By Alex Bacon/The AS Review
Body image, casual sex, fantasies and gender are a few of the topics the AS club Sexploration covered during its meetings last year. Though the subject matter may seem daunting, all are welcome to attend and share thoughts and feelings as the club resumes discussions this fall.
Sexploration is a discussion group and safe space, that aims to help students “speak what’s usually kept silent,” said Grace Wischerth, founder and facilitator. She wanted to create an environment that makes people feel safe to speak.
Sexploration is designed to be a discussion group that is non-judgmental and confidential. The goal is to pursue nontraditional ways of talking about sexuality and making sexuality “holistically a part of our lives,” said Wischerth.
“It attends to a variety of purposes. It’s not just one goal; students can take a ton of things from each session,” Royce Andrews, AS Resource and Outreach Programs’ Sexual Awareness Center (SAC) assistant coordinator, said.
Wischerth was inspired to start Sexploration by the 2007 Vagina Memoirs. Wischerth recalled that an audience member asked a performer what inspired her and the performer said “to speak what’s usually kept silent.” Wischerth wanted to continue the feeling of truth and vulnerability, so she started Sexploration.
“I think it’s awesome,” said SAC Coordinator Jennifer Veliz. “Sexuality is sometimes a taboo subject and taboo subjects sometimes need a safe space to talk about and create a positive identity and informed choice.”
Meetings are in a discussion-group format and start with a prompt. Wischerth introduces the topic, such as body image, and the discussion begins.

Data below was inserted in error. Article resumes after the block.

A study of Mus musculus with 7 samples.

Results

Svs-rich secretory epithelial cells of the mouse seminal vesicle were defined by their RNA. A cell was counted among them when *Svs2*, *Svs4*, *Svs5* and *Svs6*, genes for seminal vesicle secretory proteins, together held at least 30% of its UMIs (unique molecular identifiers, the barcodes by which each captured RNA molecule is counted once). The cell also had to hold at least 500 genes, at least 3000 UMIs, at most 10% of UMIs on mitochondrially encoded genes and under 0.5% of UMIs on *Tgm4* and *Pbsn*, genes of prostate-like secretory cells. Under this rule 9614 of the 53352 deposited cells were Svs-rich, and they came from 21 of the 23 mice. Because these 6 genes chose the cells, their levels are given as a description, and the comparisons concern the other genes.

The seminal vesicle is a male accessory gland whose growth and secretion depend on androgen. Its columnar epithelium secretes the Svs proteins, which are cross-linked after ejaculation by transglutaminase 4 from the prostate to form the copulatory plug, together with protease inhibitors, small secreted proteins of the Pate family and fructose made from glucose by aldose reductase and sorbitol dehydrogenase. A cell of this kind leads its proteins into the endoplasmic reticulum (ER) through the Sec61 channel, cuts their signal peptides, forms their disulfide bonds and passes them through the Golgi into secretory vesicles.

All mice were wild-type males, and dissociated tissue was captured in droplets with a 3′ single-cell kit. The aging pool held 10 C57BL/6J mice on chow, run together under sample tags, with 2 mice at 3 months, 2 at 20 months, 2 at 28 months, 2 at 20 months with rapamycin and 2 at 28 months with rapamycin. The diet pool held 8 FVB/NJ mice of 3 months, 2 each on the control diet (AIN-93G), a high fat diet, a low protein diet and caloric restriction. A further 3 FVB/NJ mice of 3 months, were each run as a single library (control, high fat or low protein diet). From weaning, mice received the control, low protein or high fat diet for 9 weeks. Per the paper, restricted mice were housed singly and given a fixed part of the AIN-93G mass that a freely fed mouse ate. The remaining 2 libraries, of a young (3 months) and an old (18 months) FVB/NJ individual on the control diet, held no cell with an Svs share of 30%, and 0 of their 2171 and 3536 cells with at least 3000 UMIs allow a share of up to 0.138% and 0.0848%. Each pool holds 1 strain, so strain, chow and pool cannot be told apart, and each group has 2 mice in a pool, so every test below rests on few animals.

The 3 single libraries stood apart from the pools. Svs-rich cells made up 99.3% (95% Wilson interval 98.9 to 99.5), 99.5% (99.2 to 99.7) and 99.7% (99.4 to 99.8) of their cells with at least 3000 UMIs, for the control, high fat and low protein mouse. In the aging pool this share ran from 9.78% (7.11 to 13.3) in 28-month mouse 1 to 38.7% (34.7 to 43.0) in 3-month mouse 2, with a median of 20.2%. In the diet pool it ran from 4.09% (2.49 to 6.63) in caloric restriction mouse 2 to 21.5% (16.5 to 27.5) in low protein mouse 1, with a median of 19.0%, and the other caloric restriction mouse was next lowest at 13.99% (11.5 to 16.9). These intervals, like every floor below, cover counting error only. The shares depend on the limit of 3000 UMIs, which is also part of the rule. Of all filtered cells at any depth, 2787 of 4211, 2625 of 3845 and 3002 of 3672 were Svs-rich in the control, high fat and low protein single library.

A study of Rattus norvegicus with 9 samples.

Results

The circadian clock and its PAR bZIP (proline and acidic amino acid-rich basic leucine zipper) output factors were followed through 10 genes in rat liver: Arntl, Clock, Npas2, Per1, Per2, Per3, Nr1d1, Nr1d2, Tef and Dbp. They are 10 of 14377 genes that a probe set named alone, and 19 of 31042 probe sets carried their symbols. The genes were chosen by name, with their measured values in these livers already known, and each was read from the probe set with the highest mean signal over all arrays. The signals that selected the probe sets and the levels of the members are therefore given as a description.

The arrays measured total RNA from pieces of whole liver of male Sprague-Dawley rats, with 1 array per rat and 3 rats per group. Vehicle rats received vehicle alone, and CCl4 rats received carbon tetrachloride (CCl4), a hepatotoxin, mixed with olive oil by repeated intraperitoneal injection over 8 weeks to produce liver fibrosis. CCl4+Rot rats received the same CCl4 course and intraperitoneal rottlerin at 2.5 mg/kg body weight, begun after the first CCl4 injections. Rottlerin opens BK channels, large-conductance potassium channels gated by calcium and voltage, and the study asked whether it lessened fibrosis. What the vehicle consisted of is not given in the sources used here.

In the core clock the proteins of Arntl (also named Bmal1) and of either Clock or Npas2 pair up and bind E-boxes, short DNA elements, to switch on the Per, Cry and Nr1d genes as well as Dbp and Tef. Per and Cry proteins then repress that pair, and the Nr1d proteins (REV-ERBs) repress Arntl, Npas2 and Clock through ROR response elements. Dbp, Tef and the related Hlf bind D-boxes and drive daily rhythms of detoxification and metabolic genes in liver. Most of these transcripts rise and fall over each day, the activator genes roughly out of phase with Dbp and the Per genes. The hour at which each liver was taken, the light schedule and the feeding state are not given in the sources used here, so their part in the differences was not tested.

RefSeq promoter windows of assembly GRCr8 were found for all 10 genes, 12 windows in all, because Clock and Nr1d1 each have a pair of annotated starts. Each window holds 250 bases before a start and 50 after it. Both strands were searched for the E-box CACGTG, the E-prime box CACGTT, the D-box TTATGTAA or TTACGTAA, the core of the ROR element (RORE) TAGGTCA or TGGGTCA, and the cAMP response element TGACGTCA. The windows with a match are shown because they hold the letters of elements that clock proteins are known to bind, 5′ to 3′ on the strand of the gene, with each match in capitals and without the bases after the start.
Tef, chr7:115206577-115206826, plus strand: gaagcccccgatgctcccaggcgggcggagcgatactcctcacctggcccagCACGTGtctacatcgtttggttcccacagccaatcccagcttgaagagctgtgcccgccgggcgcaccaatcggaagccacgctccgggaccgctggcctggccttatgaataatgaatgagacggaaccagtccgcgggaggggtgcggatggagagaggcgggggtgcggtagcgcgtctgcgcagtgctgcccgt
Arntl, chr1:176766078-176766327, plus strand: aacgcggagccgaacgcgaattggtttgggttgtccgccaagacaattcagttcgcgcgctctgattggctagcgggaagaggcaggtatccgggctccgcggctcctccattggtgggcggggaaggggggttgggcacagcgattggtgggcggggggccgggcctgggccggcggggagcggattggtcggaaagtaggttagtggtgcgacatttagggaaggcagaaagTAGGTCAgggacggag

“Grace is very open and fun and flexible and freespirited. The facilitator sets the tone,” said Andrews. She said she didn’t feel awkward talking and that “topics just go all over the place” from the starting point.
A major difference from last year is that instead of separate discussion groups for each gender, there’s going to be one meeting for everyone to attend. The decision to change the style of meetings comes from Wischerth’s belief that it’s healthier for people to be talking to each other instead of in separate groups. Wischerth said she had between five and 25 people on average attend discussions. Meetings are open to anyone: male, female, transgender or genderqueer.
Topics that Wischerth is considering for this year’s meetings include: queer sexuality, sadomasochism, dreams and sexual violence. She wants to emphasize that “it’s not all about feelings but also society.” She’d like to move the group forward to focus on discussions for people that are more advanced in their sexuality, and consider theory in discussion, but she doesn’t want to exclude anyone. Any level of sexual awareness is welcome.
“Everyone’s thoughts, opinions, likes and dislikes are valued and respected,” Andrews said.
There will probably also be a secret share, Wischerth said. The secret share is an event that Sexploration held last year in which anonymous secrets are put in a container and then read aloud to the group. The discussion is not only about the secrets, but about why they are kept secret, she said.
“The secret share is always really popular,” she said. “I love the intimacy, I like the rawness. I’m really drawn to secrets and why they are kept secret.”
Wischerth, who volunteers with Domestic Violence and Sexual Assault Services (DVSAS), hopes to co-sponsor an event with DVSAS in the future. The SAC might co-sponsor an event with Sexploration as well.
The first Sexploration meeting should happen in early November, said Wischerth. She’s not entirely sure when, but said anyone interested should watch for signs advertising the meetings to appear around campus.
Wischerth is scheduled to graduate this fall but wants to continue running the group after her graduation. She said there’s a possibility she might move Sexploration off campus and open it to the community when she graduates.